By Larry Hazzard, Sr.
The sport of boxing has often been described as brutal and beyond regulating. Some critics have even called for its abolishment. Although much of the criticism has been the result of unpopular judges’ decisions, referees have also had their share of mis-steps, which have drawn the wrath of critics. No one can argue the importance of judges in determining the outcome of a boxing match, but the referee is the most visible of all officials and everything he does is constantly under scrutiny.
The referee has a very crucial role in facilitating a boxing match. His role as a major arbitrator is clearly defined and allows very little room for error. Often, the entire future of a boxer’s career and, sometimes, his life hinges on the single action or inaction of the referee.
The process for selecting a referee should begin with identifying a referee, whose actions are guided by protecting the basic principles of the boxer’s health, safety and welfare. The referee’s individual perception of the sport, as well as his total comprehension of his duties are most important in this regard.
It is most important for the referee to be able to justify his actions by being able to interpret relative rules and regulations associated with such actions. However, mere knowledge of rules and regulations, alone, is not adequate to enhance a referee’s effectiveness. Also, he must always demonstrate the courage to act quickly and correctly in critical situations, irrespective of anticipated criticisms.
A referee, who has a firm grasp of ring mechanics, has less difficulty regulating a contest, than one who does not. Ring mechanics include a variety of skills such as giving instructions to boxers, breaking clinches, issuing warnings, deducting points, counting over a fighter who has been knocked to the canvas, and stopping a contest.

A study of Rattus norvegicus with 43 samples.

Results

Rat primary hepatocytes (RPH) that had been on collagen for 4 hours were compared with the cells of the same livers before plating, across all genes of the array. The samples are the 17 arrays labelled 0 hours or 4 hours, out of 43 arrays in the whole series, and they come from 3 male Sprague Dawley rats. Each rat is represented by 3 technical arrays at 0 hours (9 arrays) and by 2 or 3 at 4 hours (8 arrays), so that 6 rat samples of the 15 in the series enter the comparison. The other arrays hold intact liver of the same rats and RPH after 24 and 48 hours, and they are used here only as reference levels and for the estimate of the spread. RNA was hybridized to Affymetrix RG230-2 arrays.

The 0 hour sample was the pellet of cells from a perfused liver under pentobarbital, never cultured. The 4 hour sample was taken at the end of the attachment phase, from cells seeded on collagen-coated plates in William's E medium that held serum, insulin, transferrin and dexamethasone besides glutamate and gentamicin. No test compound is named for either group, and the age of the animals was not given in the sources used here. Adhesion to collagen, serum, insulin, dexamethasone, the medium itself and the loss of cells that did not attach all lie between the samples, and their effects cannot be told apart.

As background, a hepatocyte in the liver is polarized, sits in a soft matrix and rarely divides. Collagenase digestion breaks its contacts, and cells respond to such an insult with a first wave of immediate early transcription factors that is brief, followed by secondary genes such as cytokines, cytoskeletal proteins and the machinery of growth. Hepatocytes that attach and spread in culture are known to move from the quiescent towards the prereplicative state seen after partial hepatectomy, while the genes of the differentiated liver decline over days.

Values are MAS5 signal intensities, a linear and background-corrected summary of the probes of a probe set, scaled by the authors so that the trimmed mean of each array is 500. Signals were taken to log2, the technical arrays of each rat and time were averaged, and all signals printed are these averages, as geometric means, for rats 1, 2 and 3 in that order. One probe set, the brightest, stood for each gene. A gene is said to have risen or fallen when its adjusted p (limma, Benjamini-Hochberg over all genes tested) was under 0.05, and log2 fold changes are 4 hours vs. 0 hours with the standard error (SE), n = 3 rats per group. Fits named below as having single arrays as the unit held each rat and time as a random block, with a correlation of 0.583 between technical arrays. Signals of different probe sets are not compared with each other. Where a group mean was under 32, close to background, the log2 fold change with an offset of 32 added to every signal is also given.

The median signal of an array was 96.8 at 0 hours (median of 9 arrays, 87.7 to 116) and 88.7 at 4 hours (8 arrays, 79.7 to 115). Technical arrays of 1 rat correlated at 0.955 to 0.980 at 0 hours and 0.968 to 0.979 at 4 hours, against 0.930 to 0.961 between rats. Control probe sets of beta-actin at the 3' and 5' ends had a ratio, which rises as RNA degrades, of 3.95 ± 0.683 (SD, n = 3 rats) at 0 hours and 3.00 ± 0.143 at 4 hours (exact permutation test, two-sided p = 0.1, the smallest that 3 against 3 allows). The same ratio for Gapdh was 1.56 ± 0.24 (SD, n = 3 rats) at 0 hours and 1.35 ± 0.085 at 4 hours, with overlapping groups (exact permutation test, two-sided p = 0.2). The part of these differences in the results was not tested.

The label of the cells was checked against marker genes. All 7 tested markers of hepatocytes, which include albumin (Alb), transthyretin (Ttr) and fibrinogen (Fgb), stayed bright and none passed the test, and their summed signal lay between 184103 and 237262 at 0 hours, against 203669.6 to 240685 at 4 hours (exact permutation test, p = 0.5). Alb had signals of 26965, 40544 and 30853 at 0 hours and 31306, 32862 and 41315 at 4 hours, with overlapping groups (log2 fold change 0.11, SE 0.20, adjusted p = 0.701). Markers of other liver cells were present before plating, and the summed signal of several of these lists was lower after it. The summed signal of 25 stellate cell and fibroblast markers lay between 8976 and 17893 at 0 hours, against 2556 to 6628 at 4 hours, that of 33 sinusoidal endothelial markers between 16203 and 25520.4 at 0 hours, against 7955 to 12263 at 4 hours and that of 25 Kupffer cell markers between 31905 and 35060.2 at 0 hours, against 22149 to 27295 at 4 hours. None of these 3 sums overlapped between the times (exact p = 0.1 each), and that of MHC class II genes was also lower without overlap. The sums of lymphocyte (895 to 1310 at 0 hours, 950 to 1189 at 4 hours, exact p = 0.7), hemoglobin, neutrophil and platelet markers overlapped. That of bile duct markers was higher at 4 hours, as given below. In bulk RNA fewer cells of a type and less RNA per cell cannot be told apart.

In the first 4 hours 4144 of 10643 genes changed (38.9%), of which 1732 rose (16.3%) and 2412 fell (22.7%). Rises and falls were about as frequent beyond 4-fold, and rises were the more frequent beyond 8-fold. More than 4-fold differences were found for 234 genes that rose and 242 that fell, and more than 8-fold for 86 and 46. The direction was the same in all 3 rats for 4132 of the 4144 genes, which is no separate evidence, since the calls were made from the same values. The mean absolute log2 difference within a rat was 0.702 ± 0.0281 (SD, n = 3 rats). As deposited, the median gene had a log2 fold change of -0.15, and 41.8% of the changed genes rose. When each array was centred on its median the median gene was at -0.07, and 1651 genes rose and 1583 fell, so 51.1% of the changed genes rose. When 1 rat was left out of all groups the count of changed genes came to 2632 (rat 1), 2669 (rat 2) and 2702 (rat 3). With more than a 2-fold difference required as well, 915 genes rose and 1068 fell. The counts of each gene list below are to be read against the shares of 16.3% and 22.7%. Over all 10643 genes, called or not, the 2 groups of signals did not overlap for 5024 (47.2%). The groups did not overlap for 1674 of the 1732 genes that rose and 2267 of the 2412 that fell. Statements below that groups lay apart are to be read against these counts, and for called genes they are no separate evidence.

Weight and height can be a factor to consider when selecting a referee, depending upon the selector’s knowledge of a particular referee’s abilities, based on past performances in commanding, directing and controlling contests involving boxers in the heavier weight classes. If a referee lacks the strength to physically break the boxers apart, or does not have the ability to exert the proper amount of voice command, combined with ring presence, then he may not be suited to adequately referee these heavier weight class bouts.
Conversely, in bouts involving lighter weight classes, the referee’s weight and height can also be a factor to consider. The referee must be able to moderate his strength when separating these lighter weight class bouts.
In major championship bouts, great consideration should be given to selecting a referee who does not have a previous history of controversial actions in the ring. Of course, in fairness to the referee, these situations should be examined very closely by the selector to ensure that the controversial recorded situations are factual in their basis, rather than opinionated in nature.
If members of either camp voice concerns over a particular referee, it should be duly noted for the record, and the selector should notify the referee of the concern. If, however, members of either camp voice a strong objection to the referee, and the objections can be substantiated with reasonable facts, then the selector should reconsider his selection of that particular referee.
These concerns are important for consideration of all bouts. Realistically, however, an extra measure of consideration should be given to major world class championship and other televised non-title bouts.
Larry Hazzard, Sr. was a three-time Golden Glove Champion in the early 1960's. He began as a professional referee in 1978 and went on to referee numerous world champion boxing events. He was a public school principal and the Chief Boxing Referee in New Jersey, when he was appointed Commissioner to the New Jersey Athletic Control Board in 1985.He is the author of the Unified Championship Rules of Conduct for professional Boxing, used for championship events conducted in the United States.